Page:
Tuesday, February 03, 2015

End of an Era for One-Time Electronics Giant Radio Shack

Once the "go to" company for innovators, engineers, and electronics enthusiasts, Radio Shack executed its final trade on the New York Stock Exchange on Monday, February 2, 2015.  How far has this giant fallen?  In 1999 at the height of the Dotcom boom, Radio Shack soared to $79.50 per share.  Their final closing price yesterday was 24 cents per share. 

The New York Stock Exchange has delisted the stock for failure to submit a plan to return to a $50 Million market cap as required for membership in the exchange.  Radio Shack is expected to default on its debt this month, and a bankruptcy filing is seen as imminent.  Reports have surfaced that both Amazon and Sprint are interested in purchasing a few of their stores,  however the bulk of their tangible assets will likely be liquidated at auction.

How could a 94-year giant like Radio Shack crumble so quickly?  In just 15-years they went from an electronics giant to extinction.  The answer can be summed up in two words: Quality and Delivery.  From the 1980s forward, the quality of products sold under the Realistic and Tandy brands were increasingly called into question and, in many circles, openly ridiculed.  The TRS-80, Radio Shack's popular personal computer line was nicknamed the "Trash-80" and not without justification.  Realistic branded items become noted for extremely low quality and a much higher price tag than the company could justify.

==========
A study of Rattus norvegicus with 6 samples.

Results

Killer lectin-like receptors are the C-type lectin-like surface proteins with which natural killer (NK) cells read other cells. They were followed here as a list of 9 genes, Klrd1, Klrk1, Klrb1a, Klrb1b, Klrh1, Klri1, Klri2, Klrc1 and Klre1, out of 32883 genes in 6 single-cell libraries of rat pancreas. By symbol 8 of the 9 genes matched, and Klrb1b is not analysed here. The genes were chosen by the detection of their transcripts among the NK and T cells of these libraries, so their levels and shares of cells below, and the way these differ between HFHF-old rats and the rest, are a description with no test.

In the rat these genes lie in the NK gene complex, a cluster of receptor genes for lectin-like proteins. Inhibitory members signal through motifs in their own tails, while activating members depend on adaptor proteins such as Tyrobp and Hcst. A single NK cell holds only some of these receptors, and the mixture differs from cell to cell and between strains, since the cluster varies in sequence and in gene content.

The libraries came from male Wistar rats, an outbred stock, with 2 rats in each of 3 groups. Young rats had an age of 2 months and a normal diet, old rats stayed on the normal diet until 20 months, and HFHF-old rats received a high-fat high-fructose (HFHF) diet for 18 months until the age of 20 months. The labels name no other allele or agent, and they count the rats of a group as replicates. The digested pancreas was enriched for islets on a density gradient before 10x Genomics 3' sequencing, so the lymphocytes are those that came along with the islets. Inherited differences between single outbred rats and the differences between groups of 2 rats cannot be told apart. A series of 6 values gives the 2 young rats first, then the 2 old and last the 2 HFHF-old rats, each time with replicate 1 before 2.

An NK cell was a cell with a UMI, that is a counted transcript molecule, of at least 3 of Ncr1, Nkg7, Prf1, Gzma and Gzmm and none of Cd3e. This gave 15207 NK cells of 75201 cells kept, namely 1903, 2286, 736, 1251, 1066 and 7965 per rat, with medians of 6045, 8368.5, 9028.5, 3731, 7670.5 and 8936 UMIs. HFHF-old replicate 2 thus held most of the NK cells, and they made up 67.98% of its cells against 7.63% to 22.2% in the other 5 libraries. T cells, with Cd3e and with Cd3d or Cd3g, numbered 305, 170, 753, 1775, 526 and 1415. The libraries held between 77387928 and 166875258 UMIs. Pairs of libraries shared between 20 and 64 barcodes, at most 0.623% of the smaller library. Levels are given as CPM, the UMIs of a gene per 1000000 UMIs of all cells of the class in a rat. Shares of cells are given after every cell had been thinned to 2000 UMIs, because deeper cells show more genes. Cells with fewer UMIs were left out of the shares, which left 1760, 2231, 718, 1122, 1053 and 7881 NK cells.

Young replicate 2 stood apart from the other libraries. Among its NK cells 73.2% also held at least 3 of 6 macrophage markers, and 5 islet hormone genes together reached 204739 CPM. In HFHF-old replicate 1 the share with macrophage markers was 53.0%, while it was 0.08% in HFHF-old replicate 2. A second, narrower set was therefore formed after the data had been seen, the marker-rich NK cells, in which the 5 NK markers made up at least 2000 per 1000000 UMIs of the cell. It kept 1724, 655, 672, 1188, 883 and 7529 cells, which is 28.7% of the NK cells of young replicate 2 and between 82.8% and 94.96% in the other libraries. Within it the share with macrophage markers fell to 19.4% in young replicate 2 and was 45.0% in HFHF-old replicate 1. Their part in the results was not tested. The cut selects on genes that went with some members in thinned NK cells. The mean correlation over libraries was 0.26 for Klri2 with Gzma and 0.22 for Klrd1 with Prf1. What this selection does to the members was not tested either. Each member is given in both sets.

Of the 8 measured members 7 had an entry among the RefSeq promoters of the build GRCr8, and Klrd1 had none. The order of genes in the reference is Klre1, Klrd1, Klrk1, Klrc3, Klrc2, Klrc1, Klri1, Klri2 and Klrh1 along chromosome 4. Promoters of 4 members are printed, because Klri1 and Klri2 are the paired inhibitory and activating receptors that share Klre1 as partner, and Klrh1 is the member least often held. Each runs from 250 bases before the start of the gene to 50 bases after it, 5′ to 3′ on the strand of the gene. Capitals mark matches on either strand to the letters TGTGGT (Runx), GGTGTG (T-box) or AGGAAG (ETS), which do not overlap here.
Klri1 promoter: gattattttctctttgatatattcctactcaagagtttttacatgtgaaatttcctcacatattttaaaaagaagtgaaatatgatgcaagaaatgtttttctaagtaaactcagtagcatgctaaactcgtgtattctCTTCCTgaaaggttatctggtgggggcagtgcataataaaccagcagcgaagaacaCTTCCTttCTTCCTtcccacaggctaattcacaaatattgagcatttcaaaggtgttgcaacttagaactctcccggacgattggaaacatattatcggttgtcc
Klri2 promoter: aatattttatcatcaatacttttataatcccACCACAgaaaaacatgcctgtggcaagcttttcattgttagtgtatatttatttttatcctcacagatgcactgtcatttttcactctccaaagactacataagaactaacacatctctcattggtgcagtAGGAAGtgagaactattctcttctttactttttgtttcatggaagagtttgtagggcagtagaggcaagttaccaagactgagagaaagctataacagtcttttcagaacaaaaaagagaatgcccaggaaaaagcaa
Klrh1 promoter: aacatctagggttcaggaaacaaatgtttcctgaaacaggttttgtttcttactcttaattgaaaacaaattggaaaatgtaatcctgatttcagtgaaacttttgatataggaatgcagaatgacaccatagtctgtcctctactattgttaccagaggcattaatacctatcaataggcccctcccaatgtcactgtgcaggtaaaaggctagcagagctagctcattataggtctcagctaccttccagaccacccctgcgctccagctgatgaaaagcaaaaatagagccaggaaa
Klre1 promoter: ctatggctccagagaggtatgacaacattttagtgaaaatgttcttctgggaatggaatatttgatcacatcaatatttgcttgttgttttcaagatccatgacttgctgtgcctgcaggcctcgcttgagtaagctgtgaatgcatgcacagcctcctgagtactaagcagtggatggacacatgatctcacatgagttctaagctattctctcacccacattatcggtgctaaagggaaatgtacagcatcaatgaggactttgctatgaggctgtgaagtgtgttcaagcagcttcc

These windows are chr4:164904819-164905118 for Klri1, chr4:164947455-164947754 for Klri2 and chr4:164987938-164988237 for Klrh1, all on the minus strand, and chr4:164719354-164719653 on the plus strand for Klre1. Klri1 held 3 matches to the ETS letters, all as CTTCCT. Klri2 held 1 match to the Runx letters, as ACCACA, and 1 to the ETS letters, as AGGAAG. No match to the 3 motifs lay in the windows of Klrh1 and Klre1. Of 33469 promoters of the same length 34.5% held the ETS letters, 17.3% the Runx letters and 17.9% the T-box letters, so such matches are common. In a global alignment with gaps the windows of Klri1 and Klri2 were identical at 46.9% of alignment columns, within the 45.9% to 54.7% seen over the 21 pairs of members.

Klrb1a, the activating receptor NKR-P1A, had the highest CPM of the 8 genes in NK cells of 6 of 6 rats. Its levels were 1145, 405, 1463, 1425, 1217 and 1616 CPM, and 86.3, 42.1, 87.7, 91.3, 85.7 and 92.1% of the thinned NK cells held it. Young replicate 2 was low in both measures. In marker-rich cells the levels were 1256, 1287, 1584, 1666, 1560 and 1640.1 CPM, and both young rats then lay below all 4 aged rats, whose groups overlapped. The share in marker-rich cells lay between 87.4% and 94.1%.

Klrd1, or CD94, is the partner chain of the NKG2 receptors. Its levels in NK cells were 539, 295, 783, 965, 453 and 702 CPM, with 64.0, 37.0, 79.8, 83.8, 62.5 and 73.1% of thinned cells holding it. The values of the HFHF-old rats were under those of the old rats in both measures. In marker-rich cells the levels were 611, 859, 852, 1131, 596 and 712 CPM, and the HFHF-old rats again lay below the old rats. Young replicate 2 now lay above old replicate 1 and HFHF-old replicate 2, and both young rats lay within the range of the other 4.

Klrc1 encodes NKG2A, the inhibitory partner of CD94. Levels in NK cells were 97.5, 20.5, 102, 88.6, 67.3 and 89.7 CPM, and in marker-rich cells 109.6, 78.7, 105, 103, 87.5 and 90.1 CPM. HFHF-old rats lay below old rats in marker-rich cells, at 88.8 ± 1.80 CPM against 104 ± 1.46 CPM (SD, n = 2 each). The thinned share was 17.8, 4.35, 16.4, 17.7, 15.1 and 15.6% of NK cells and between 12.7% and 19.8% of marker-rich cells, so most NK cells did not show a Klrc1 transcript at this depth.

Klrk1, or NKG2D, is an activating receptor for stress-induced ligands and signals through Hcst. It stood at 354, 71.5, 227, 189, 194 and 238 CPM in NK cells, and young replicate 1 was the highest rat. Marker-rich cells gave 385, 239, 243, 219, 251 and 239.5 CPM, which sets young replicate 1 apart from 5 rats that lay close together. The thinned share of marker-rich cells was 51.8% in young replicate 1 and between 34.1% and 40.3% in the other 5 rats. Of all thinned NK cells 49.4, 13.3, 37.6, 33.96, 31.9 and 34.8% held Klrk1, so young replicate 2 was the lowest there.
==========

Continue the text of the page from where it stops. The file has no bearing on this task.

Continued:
While the Dotcom boom pushed Radio Shack's stock to record heights, the company never truly adapted to the online landscape.  While online retailers emerged in the electronics and technology space, Radio Shack was either unable or unwilling to shift their model away from an old-style brick and mortar strip-mall occupant.  They simply couldn't compete with the online giants, and in such a niche market, their business model was doomed to failure in the age of the highly versatile online superstore that also had a local physical presence.

The same failure to adapt to the online retail world is what doomed Borders, once a giant book retailer just as computer retailers like CompUSA fell victim to the same emerging online trends.  Radio Shack's failure should come as no surprise to anyone, but it should serve as a warning to any franchise that relies primarily on a local brick and mortar presence.  As companies like Amazon improve their delivery models, offering same-day service in many localities and next-day service in others, the traditional strip-mall franchises must either adapt or face extinction.  Any chain that is not growing their online presence at a rapid rate must take a hard look at their business model since the retail world may well be passing them by.  Just ask Radio Shack.